One of the best ways to determine if a school is a good fit for a student is to take a campus tour. You have to see the campus to know if you get ‘that feeling’ that everyone talks about when you’ve found ‘your school’ or if you could NEVER imagine yourself as a student on that campus. There are so many elements that comprise a student’s view of that university, and ultimately that perception can make or break a student’s decision to apply. As a tour guide, it’s my job to make sure you as visitors get the answers to all your questions and to share what makes Catholic University stand out for me as a student.
As a student ambassador, someone who meets prospective students and families every day, let me share a few tips on how to make the most of your campus tour this summer.
- Go exploring!–Most colleges and universities host students that choose to stay over the summer to intern in the area or to do research–Catholic University is the same! We have quite a few students around in the summer but there are certainly much fewer students than during the school year. This means less foot traffic and seeing buildings in full-blown action (like the Pryzbyla Student Center) is less likely. While campus isn’t bustling with students, take the time to really check out the neighborhood the campus is in, the gym, a classroom, the residence halls, and the student center.
- Meet anyone and everyone–If you know what you are interested in majoring in (or are deciding between two majors), you can ask about potentially meeting with a student in that program or a professor from that School. If you can’t meet while you’re on campus, speaking by e-mail is a great way to find out about internships and research students in that specific major are focusing on currently. Reach out a week or so in advance for a meeting while you’re on campus!
- Eat like a Cardinal–Learning about dining options and where you will be eating is an important component to the college tour. On your tour at Catholic we will be seeing the dining options here on campus in the Pryzbyla Center, which is our student center. There are two dining options at Catholic: the student restaurant (our traditional dining hall) as well as our Food Court (where our Subway and Chik-Fil-A are located). The discussion will revolve around the meal plans as well as where and how to use each of the two dining options. Try the food here on campus if possible or ask about local restaurants not on our campus which students like to go to, for example the Brookland Pint, Busboys and Poets, and Menomale. Rest assured, though, Catholic has great dining hours so you can always grab a late night snack after studying!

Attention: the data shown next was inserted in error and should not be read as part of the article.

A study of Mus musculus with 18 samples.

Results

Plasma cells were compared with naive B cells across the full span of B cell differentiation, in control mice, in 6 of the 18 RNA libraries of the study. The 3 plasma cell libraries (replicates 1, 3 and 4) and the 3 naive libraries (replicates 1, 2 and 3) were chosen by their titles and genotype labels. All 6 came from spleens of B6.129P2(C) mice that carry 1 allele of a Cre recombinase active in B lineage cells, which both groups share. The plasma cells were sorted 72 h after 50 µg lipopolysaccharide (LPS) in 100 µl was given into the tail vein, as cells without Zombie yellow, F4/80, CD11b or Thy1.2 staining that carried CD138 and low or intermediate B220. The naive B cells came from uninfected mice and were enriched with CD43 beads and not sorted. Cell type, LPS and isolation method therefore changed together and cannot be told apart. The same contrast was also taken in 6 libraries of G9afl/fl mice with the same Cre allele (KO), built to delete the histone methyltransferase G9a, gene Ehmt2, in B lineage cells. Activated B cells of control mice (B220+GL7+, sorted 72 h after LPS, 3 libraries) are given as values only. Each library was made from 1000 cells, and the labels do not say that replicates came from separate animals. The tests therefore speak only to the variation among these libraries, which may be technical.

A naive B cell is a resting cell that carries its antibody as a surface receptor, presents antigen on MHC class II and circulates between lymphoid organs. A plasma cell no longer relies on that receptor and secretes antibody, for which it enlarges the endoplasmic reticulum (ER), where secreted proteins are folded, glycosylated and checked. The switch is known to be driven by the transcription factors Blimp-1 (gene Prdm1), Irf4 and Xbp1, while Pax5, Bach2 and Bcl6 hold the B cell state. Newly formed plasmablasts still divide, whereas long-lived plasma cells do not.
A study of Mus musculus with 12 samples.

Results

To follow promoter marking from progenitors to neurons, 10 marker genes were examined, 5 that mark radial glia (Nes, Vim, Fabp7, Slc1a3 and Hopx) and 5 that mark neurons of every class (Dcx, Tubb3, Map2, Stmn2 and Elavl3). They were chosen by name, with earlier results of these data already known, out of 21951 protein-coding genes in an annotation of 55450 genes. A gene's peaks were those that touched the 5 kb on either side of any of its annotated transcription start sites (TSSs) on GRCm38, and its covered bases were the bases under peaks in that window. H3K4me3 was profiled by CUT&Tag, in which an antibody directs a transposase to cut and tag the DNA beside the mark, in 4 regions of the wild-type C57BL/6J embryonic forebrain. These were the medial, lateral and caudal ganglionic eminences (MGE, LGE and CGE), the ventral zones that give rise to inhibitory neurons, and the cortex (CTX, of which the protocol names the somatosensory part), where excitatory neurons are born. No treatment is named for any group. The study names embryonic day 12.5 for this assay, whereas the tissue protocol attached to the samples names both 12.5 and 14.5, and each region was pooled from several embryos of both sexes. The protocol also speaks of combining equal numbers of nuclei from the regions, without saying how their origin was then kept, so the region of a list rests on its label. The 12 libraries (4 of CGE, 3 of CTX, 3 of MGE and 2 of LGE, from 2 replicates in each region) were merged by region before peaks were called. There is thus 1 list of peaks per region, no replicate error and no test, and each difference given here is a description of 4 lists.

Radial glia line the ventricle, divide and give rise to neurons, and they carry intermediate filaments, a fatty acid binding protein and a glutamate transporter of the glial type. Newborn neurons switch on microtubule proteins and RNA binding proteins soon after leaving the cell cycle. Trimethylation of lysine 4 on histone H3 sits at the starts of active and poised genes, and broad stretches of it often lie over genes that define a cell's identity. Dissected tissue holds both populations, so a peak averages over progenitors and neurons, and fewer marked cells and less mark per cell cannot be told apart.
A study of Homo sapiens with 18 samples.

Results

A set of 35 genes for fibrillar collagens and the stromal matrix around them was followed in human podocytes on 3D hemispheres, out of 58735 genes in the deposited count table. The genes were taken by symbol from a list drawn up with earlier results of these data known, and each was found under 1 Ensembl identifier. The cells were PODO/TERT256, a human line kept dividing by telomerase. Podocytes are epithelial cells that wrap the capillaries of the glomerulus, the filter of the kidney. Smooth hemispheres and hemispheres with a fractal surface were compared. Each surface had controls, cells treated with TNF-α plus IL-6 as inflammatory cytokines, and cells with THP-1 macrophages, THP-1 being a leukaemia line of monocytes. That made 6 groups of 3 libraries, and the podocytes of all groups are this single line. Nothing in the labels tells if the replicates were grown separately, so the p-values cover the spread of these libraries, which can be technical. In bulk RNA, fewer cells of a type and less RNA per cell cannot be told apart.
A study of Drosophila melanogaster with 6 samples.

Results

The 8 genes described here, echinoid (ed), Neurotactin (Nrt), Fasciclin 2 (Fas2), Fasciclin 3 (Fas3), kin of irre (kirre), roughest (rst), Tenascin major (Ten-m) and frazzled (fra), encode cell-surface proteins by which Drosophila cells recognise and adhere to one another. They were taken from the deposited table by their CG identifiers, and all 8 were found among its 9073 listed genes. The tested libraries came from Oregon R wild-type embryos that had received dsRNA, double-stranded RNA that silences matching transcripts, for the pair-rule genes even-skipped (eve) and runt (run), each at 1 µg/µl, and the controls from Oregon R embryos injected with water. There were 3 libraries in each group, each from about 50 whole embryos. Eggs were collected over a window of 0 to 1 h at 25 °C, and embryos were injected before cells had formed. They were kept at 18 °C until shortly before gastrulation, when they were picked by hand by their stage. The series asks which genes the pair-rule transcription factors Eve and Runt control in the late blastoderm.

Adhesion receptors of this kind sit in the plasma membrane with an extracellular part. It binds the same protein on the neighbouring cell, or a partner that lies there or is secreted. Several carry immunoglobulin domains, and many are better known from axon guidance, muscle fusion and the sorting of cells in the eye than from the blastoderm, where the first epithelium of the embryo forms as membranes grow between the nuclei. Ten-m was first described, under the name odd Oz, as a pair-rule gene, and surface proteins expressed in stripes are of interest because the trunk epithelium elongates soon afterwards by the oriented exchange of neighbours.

- Picture yourself here–Aside from academics and amenities, comfort level is important in your college decision. If you do not think you would fit on that college campus, then you’re less likely to consider the university when it comes decision time. Picture as best as you can the events being described to you by your tour guides to see if it is an event which interests you. Student clubs (which Catholic has around one hundred) are a great way to get involved on campus and meet new friends. Whether it’s trying something new or sticking with what you already know, ask your tour guide to talk about the organizations on campus.
- Ask questions, and don’t be afraid to take notes–While on tours, students and their families are sometimes hesitant to ask questions. Don’t be nervous–every question is a good one, and all tour guides can give you answers since we’re all students here or direct you to the right point of contact! Plus, the average number of campuses students visit is really high, so you want to make sure that you’re able to remember aspects you liked about each college. Some of the most common questions students and their families should ask but don’t are:
- How often are teaching assistants used in courses?
- What work study programs are available throughout campus?
- What is the school’s freshman retention rate?
- Do a lot of students like to go home on the weekends?
- What opportunities are there for students who stay on campus during the weekend to do?
In my college search experience, I toured universities over the summer and then visited the universities I liked and was accepted to a second time before I ultimately made my decision. If you visit in the summer, try to revisit at least one time during the fall or spring before making your college decision–that way, you can gain a perspective of the university when things are in full-swing.
I hope that this helps you in your college search, and best of luck in your college search!